8 Myths About Infertility That Do More Harm Than Good
Unless you're a medical professional, it can be difficult to tell which information about infertility is true and which isn't. Add in the many myths about infertility floating around, and the truth becomes even more murky. Although some people may think they're offering helpful advise or encouragement to someone when they're trying to get pregnant, there are certain myths about infertility that do more harm than good. These are the particular myths than cause more than just confusion, but lead to hurt feelings, subtle shaming, and misdirection for conceiving.
As the website for the Centers for Disease Control and Prevention explained, "pregnancy is the result of a process that has many steps." When one of these steps (from ovulation to fertilization) does not take place, no baby is made. The reasons for disruptions in the steps to becoming pregnant is a medical condition linked to the reproductive system of both males and females and has nothing to do with having a negative attitude or having sex a certain way. Struggling to conceive is emotionally difficult enough on it's own, the added weight of false information only makes matters worse. Be sure to avoid believing (or passing on) these myths about infertility that create more harm than help.
Myth #1: Women Of a Certain Age Are Infertile
Turning 35 has comes with a bad reputation, as far as fertility is concerned. Although it's true that the ability to conceive may become more challenging after the age of 35, a woman's fertility changes throughout her life and problems becoming pregnant can occur at any age, as the website for the National Infertility Support and Information Group.
Myth #2: Endometriosis Causes Infertility
It's true that endometriosis can be a cause of infertility, having this condition doesn't automatically mean you will have infertility issues. Even though endometriosis is diagnosed in 45 percent of infertility cases, laparoscopic surgery has up to an 84 percent success rate, according to Baby Center.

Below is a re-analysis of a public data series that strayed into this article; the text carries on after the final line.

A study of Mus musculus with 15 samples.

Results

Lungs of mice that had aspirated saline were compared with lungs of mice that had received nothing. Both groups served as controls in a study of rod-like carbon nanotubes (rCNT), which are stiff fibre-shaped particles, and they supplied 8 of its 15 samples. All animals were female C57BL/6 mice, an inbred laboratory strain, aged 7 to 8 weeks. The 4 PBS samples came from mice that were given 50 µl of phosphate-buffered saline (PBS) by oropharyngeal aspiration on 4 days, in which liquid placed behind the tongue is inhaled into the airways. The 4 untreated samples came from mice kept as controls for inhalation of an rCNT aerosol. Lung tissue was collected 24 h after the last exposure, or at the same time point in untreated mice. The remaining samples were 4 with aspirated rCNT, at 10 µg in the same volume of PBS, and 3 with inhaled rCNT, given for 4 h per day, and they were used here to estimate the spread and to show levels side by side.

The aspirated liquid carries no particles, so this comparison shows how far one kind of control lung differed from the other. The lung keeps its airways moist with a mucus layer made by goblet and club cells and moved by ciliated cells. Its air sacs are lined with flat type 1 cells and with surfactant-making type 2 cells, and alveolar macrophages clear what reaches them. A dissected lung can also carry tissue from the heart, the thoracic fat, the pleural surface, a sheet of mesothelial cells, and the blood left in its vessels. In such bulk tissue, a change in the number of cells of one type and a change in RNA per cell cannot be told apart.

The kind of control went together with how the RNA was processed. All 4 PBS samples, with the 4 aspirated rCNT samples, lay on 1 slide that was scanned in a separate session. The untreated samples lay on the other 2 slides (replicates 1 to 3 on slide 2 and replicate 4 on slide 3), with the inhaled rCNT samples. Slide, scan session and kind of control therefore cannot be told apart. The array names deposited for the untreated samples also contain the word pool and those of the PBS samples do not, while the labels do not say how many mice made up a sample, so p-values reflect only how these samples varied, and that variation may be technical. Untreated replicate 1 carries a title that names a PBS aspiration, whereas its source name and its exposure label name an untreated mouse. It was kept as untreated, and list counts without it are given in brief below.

Myth #3: The Pill Can Make You Infertile
The pill is meant to stop ovulation from happening each month, and some say taking the pill for too long makes this habit stick long after you stop taking the pill. But there is no truth in this rumor. As The Bump pointed out, ovulation will return within a few weeks of quitting the pill.
Myth #4: Tight Undies Lowers Sperm Count
You don't need to loose any sleep over the boxer versus briefs debate, because what a man wears under his jeans has no relevance to infertility. Reader's Digest reported that researchers at the State University of New York at Stony Brook discovered that underwear type has no significance on male fertility.
Myth #5: Stress Causes Infertility
Saying stress causes infertility infers the couple is to blame, which couldn't be further from the truth. According to Resolve, The National Infertility Association's website, infertility is a condition of the reproductive system and not the result of stress.
Myth #6: STDs Don't Affect Infertility
Depending on the STD, symptoms and long lasting effects can vary, but leaving this condition untreated is linked to fertility troubles. According to the website for CNN, an untreated STD can cause reproductive issues that lead to infertility for both men and women.
Myth #7: Infertility Is A Female Problem
Placing the blame on just one sex is more than wrong, it's totally inaccurate. Infertility problems are equal among both men and women, and in some cases are a combination of both partners, as the National Infertility Support and Information Group explained.
Myth #8: Infertility Isn't Common
It's easy to feel like everyone and their sister is easily becoming pregnant when you are struggling to conceive, but you are not alone in this situation. According to Parents, one in every 10 couples have problems with infertility.